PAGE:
In June 2012 Sir Bob Kerslake and I published the civil service reform plan. Today we are publishing a report on civil service reform one year on.
The plan set out a series of actions which, fully implemented, would deliver a civil service that is smaller, flatter, and faster; more digital, more unified, focused on outcomes not process; more capable, with better performance management; with modern terms and conditions, and more accountable for delivery. Progress in implementing these actions has been mixed.
The civil service today is 15% smaller than in 2010, and productivity is correspondingly higher. Some of the actions in the plan could not have been expected to be complete in 12 months. On others, substantial progress has been achieved. But on too many actions too little of what was set out to be delivered by this point has been fully executed. We are determined that the pace of implementation will now accelerate.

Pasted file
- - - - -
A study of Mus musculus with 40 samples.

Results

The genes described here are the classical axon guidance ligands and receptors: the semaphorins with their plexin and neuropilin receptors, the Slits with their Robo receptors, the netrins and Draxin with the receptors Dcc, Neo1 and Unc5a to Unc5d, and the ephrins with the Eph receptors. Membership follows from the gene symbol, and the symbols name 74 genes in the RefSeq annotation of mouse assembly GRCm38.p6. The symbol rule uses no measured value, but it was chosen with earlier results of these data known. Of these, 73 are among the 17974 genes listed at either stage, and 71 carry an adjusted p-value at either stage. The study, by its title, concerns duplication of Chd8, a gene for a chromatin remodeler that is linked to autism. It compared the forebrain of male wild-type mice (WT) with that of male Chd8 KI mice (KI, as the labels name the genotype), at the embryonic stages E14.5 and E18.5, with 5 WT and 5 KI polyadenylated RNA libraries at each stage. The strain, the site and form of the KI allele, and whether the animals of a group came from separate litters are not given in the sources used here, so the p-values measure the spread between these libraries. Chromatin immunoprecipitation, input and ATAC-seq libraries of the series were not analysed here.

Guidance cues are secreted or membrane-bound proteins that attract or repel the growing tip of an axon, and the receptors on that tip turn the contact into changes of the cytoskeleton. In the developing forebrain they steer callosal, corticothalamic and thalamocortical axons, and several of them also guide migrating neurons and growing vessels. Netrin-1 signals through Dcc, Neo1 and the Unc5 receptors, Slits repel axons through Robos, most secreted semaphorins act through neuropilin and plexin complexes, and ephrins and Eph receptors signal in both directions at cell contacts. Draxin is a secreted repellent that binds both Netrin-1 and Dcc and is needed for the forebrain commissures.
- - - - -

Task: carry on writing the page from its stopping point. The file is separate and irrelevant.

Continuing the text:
I said in June 2012 that the plan was not the last word in reform. I set out today some further reform actions. We will introduce five-year fixed-term tenure for permanent secretaries. We will enable Ministers in charge of Departments to appoint personally an extended ministerial office (EMO) including career civil servants, civil servants recruited externally on fixed-term appointment (according to Civil Service Commission guidance and subject to the civil service code), and special advisers. IPPR concluded in their report which I published last month that Ministers in Britain received much less direct support than Ministers in countries with systems similar to ours. We will strengthen the corporate leadership of cross-Government functional services, including HR, procurement and commercial, IT and digital, legal and finance. We will make changes to improve further the delivery of major projects.
Fuller details are set out in the “One Year On” report, which I am placing in the Library.